Washington: As another US university came under the scanner, the United States asked Indian students to be alert to the existence of "predatory visa fraud rings and fraudulent document vendors."
"We are looking into this matter, we're following the case closely, and we're in communication with the Government of India officials on it," State Department spokesman Mark Toner said Friday, a day after a raid on the University of Northern Virginia.
Based in Annandale, a Washington suburb, the unaccredited, for-profit private university has some 2,400 students of which 90 percent are from India, mostly from Andhra Pradesh, registered at three locations in northern Virginia.
The US embassy in New Delhi has briefed the Ministry of External Affairs and the US Department of Homeland Security and the State Department have been in contact with the Indian Embassy here, Toner said.
Declining to give details as an investigation is ongoing, the spokesman said "it's important to note that a hundred thousand Indians are receiving a good education at certified US institutions each year, and we certainly welcome the contribution of Indian students wishing to study in the United States."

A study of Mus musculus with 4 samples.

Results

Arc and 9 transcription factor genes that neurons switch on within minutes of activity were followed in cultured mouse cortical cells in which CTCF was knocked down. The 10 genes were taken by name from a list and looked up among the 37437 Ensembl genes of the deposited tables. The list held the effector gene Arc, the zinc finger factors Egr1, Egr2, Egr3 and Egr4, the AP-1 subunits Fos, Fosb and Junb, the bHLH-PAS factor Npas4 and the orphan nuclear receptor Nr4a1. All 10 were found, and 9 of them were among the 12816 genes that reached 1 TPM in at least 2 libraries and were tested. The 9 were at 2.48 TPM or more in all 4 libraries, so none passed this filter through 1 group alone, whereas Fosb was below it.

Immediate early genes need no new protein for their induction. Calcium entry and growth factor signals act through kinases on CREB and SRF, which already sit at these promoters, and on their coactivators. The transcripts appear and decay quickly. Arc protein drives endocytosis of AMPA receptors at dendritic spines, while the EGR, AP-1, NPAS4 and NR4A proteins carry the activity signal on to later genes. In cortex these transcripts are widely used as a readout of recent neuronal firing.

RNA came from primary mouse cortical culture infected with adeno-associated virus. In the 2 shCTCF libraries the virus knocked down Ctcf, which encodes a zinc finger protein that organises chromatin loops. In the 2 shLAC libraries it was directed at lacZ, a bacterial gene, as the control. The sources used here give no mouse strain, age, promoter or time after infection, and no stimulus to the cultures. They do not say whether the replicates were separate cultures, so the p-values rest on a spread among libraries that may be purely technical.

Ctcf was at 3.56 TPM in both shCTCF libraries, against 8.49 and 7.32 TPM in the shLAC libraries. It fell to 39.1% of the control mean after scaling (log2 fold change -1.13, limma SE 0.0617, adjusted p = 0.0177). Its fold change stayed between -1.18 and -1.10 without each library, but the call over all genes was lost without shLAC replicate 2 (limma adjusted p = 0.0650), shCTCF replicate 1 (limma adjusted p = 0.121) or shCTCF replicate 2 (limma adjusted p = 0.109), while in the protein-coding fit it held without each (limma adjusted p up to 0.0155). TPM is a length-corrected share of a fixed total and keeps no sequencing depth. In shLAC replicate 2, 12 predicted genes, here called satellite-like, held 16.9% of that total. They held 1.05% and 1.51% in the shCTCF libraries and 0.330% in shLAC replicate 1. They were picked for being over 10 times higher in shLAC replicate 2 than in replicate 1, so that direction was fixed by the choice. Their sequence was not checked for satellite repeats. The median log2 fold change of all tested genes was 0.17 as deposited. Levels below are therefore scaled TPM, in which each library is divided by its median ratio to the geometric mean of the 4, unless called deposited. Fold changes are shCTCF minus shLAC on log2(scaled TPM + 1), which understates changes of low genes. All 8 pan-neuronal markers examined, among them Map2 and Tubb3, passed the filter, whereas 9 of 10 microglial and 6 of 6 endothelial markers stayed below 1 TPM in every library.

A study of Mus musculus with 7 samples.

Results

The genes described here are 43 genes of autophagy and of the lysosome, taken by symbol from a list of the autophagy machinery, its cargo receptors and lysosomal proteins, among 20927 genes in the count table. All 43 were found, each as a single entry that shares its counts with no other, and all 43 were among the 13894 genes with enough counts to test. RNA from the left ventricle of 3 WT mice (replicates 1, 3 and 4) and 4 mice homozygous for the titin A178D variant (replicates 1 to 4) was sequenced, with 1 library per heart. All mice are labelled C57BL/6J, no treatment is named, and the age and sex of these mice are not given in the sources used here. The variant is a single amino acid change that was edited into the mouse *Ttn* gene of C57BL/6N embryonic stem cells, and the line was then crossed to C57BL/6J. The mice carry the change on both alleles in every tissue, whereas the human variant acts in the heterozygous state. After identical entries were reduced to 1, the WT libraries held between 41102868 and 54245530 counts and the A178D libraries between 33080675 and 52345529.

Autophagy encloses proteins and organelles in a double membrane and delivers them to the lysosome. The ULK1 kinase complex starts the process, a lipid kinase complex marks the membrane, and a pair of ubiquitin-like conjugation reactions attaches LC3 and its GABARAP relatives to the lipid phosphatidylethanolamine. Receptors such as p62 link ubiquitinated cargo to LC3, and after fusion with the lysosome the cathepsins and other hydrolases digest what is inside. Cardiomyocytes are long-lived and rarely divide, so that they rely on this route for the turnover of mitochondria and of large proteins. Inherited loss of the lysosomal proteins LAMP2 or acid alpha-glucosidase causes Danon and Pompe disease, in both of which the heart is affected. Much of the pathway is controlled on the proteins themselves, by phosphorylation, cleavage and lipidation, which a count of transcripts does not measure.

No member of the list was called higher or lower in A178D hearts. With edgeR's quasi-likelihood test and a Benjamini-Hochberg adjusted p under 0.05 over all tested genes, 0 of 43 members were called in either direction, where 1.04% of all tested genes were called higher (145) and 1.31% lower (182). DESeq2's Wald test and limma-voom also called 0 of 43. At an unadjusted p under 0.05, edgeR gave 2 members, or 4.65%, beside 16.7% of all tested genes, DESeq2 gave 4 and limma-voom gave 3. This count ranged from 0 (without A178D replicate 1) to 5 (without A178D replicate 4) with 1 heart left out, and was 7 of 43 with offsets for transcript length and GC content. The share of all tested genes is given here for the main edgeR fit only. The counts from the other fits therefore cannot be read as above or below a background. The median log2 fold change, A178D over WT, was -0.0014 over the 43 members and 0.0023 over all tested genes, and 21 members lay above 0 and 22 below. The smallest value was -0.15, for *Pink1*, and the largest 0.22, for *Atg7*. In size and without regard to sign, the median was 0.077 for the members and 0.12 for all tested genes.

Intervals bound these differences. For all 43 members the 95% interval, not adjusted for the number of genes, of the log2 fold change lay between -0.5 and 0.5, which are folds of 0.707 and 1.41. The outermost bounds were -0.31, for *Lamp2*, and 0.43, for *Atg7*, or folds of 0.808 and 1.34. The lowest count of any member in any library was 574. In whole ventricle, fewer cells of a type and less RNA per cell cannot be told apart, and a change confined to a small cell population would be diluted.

"And of course, as always, we caution them to be alert to the existence of these so-called predatory visa fraud rings and fraudulent document vendors," he said.
Asked how US consulates or embassies in India issued visas for study at such institutions, Toner again declined comment in view of "an ongoing investigation".
"They've taken action against this school, and we're in close coordination with the Indian Government as we move forward. But beyond that, I don't want to comment on details," he said.
US Immigration and Customs Enforcement has warned the Northern Virginia University that it could withdraw the school's authorisation to admit foreign students.
Agency Spokesperson Cori Bassett, however, would not say why the action was taken, saying it is part of a pending investigation. The school remains open and certified and will have the chance to rebut the government's allegations.